MMORPG | Genre:Fantasy | Status:Final  (rel 2012)  | Pub:ZQGame
PVP:Yes | Distribution:Browser | Retail Price:Free | Pay Type:Free | Monthly Fee:Free

By Adam Tingle on December 06, 2012

Personally, I approach browser-based gaming the same way I do broccoli. I know that it is wholesome and good, but it doesn't beat a good ole' greasy hamburger. Likewise with MMORPGs proclaiming Google Chrome as their home, I find it difficult to tear away my allegiances from those client-running, $60 cellophane box wearing, good-time girls like World of Warcraft.


Yes, yes it can and yes, yes it is. Games such as RuneScape have been providing the evidence for the past decade. Now Johnny-come-lately developers are also opting for a slice of that particular pie, and The Lost Titans is the latest stomping towards release.

At first glance, this MMO doesn't appear to be the type of game that would run on Internet Explorer power alone. It curves in all the right places, it's colourful - and it even it looks a bit like Torchlight. ZQGames have managed to pull off a magnificent coup in the visual department; rather than lacking in eye candy, it excels.

It's a surprising turn of events, in that my last hoorah with browser-gaming was the aforementioned RuneScape, which while an excellent game, is only slowly starting to get a handle on graphical smarts, and other flash titles such as Heliattack 2 (yeah I'm oldschool. Deal).

I expected TLT to be a mixture of blocky sprites mingled in with basic textures. This couldn't be further from the truth. From the moment you select a character (warrior, ranger, and mage classes present) the experience is vivid and rich with colour. You even get to ride a dragon.

The core experience itself is largely familiar to anyone with a standing subscription. Levels are gained, coins spent, and skills upgraded. Throw in a titan or two, and some PvP and we have ZQGames' particularly take on the genre.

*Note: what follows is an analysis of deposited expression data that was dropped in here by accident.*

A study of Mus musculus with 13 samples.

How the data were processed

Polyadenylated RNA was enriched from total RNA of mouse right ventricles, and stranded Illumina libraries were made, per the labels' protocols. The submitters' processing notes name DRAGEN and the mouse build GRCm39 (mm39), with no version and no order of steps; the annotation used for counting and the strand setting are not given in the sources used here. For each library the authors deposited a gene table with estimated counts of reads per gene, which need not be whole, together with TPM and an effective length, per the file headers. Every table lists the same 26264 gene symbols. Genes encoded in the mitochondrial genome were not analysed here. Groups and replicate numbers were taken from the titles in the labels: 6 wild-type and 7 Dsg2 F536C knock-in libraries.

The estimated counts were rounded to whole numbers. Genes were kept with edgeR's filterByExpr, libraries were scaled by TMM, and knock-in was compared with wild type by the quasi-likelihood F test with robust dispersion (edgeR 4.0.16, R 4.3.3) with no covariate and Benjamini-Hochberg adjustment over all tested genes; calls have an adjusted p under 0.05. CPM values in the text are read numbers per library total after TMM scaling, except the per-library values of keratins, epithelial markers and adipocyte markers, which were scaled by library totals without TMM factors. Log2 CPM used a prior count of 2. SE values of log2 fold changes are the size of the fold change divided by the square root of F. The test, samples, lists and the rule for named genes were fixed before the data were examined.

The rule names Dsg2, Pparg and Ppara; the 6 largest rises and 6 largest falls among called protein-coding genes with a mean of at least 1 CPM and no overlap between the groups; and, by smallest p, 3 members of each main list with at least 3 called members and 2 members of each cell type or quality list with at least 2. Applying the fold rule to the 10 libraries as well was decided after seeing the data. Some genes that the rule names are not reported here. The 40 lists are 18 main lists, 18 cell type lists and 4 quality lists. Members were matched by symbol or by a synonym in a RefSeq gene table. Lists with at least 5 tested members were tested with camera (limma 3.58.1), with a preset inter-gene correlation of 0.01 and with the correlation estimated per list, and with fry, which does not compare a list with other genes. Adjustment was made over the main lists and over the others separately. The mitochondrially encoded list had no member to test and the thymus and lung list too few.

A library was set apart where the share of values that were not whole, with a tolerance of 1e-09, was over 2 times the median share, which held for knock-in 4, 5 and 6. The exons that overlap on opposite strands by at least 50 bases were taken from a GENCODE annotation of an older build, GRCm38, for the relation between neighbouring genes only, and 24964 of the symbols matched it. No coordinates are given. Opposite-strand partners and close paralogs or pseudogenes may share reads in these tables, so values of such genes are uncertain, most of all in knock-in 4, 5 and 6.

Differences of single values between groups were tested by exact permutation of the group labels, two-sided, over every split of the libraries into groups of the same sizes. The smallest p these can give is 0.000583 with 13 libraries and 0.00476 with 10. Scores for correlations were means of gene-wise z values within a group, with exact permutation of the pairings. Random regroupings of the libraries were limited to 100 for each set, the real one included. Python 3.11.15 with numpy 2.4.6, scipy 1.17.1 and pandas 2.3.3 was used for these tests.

Where TLT differs from the competition is its focus on more casual mechanics, and a focus storyline. Quests will usher you literally from one section to another, meaning that within the first 10 levels, if you don't blink at each stage, you will in fact miss them.

The story itself is doled out in the usual text scrolls, this time complete with talking head. It isn't spectacular, but it gets the job done, and if you're in the mood for TLT's particular brand of Titan-based drama, then you're in for a treat.

So while TLT is a magnificent looking product, given its limitations, certain caveats are also thrown up. While a self-confessed MMORPG, this online adventure errs towards the side of traditional grinder F2P than anything EverQuest shaped.

Longevity doesn't seem like a core focus, and while it is undoubtedly enjoyable, there's a very real element of auto-drive to everything. Clicking a quest description will actually steer your character towards whatever goal: whether this is an NPC or an enemy that must be slaughtered. While it's a nice touch for those that enjoy gaming as reductively as possible (I'm looking at those people sat in their pants, looking for ways to free up a "Dorito Hand") for anybody else it seems like a loss of depth.

Furthermore, TLT seems more like an introductory experience than a fully blown adventurer. Quests are bite-sized and there's little or no thought towards innovation or carving out its own niche. Everything here is more or less what you might come to expect from other, likewise, games just presented differently and coded into a browser - which in itself is an achievement.

But taken purely as an MMORPG which can be played on the go provided you have an Internet connection and some form of working PC or laptop, TLT is great fun, even in beta stage. It might not blow off your hat or world wearied "Cloak of +2 Seen it All" but it is a fun distraction from the major players on the market.

Neat, nicely presented, and essentially fun, The Lost Titans should be hailed as an achievement for browser-gaming if nothing else. If you're in the mood for a grinder with a nice helping of story, this one might just make it to your play-list.